If you’re used to looking for wild mushrooms in nature, wandering through the woods is often enough to discover clusters of Hen of the Woods mushrooms – as long as you know where to look.
But how do you find them, and how can you actually identify these quirky fungi, making sure you’ve got the right ones and turning them into an actual culinary masterpiece? Below we will explore all that and more!
Discovering Hen of the Woods
One of the main things to remember is that you need to hunt for these fungi around oak trees – that’s their spot! Look for Hen of the Woods mushroom clusters in late summer to early fall.
Here are a few quick identification tips to keep in mind:
- Think ruffled hen feathers, that’s the general appearance.
- Colors vary from pale to dark brown; look closely, since they can blend in with the surrounding fallen leaves.
- Check the underside – it’s all pores, no gills!
- These mushroom clusters can get pretty hefty, weighing in at several pounds.
Lookalikes include Black-staining polypore, Brekeley’s polypore and Umbrella polypore, which tend to be non-toxic. Nevertheless, it’s good practice to consult with an expert if you have limited experience with Hen of the Woods mushrooms.
How to Properly Store and Cook the Mushrooms
You can harvest and store fresh Hen of the Woods mushrooms for up to 1 week, or freeze them for long term storage of up to 6 months. The typical method is to use a plastic bag with a dry paper towel to store them, and keep the container in the refrigerator.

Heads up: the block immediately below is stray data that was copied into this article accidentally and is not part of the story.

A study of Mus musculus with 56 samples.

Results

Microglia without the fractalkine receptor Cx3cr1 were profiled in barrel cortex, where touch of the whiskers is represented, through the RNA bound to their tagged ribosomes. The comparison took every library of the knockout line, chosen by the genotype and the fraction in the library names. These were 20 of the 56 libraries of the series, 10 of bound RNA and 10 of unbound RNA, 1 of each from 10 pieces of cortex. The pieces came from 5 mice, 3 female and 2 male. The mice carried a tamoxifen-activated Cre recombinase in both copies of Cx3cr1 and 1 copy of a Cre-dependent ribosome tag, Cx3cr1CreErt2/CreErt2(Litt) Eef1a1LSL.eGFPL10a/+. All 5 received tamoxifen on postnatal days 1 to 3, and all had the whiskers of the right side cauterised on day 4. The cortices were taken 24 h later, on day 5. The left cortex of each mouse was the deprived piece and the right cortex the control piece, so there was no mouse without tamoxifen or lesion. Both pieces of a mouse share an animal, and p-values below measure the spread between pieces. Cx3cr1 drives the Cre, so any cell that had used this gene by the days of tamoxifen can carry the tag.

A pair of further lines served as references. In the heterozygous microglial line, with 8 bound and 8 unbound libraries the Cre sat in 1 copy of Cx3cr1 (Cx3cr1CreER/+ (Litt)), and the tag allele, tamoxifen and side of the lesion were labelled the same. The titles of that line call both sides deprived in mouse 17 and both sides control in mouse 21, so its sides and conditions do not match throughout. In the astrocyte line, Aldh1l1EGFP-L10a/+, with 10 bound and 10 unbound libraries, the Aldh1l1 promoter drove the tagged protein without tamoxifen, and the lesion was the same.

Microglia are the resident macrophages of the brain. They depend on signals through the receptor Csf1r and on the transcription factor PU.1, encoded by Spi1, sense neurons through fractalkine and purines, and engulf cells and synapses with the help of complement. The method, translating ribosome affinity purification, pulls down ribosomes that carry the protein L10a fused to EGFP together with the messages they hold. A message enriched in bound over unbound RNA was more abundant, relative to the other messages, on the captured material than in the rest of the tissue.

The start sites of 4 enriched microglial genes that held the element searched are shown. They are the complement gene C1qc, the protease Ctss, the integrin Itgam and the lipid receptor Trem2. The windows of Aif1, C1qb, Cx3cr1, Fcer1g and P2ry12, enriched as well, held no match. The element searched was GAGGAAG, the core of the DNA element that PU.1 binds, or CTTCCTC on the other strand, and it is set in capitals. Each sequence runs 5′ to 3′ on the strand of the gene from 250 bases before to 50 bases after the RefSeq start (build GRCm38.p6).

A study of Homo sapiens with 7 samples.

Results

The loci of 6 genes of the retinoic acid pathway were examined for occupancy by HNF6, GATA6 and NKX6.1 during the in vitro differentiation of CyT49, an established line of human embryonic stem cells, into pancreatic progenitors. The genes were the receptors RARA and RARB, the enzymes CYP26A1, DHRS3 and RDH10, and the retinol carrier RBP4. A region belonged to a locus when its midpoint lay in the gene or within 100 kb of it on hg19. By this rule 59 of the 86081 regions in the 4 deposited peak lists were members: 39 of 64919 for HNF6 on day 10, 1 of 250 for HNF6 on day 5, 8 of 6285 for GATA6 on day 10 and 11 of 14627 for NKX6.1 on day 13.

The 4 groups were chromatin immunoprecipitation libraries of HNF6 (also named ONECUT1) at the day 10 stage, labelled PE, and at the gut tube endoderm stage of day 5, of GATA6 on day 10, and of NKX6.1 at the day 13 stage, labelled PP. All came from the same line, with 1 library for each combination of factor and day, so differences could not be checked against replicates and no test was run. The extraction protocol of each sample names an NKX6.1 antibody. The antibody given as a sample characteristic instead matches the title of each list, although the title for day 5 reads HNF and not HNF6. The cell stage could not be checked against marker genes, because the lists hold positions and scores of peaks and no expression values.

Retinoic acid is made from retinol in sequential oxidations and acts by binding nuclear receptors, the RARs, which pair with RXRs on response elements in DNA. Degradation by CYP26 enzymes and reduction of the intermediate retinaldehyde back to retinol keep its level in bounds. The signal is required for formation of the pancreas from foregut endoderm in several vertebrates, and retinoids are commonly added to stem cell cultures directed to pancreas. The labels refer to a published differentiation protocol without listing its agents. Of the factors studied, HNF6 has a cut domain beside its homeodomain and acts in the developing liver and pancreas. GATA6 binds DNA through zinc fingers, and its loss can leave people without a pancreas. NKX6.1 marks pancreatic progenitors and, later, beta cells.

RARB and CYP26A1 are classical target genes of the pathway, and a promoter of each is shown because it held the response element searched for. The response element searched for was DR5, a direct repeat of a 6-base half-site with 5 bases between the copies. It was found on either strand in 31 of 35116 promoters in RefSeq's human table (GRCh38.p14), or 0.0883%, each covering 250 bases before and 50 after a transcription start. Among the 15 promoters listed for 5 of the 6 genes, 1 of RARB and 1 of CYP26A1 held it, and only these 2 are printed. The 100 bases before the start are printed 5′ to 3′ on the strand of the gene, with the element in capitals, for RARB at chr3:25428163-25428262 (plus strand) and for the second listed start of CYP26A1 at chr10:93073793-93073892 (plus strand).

When it comes to cooking, Hen of the Woods is your culinary sidekick. Its rich, earthy flavor and meaty texture make it a superstar in the kitchen. Sauté it up for a quick dish, roast it for that smoky flavor, or throw it on the grill for some extra oomph. And the versatility doesn’t stop there – pasta, risotto, stir-fries, or soups, you name it, Hen of the Woods is game.
You’ll find the mushrooms to be very versatile, rich and earthy, with a meaty texture. You can sauté, roast, or grill them up. It’s also good practice to use them with pasta, risotto, stir-fries, soups.
If you have little access to forested areas needed to find mushrooms in nature, searching online for specially curated mushroom spores of great quality is an easy solution.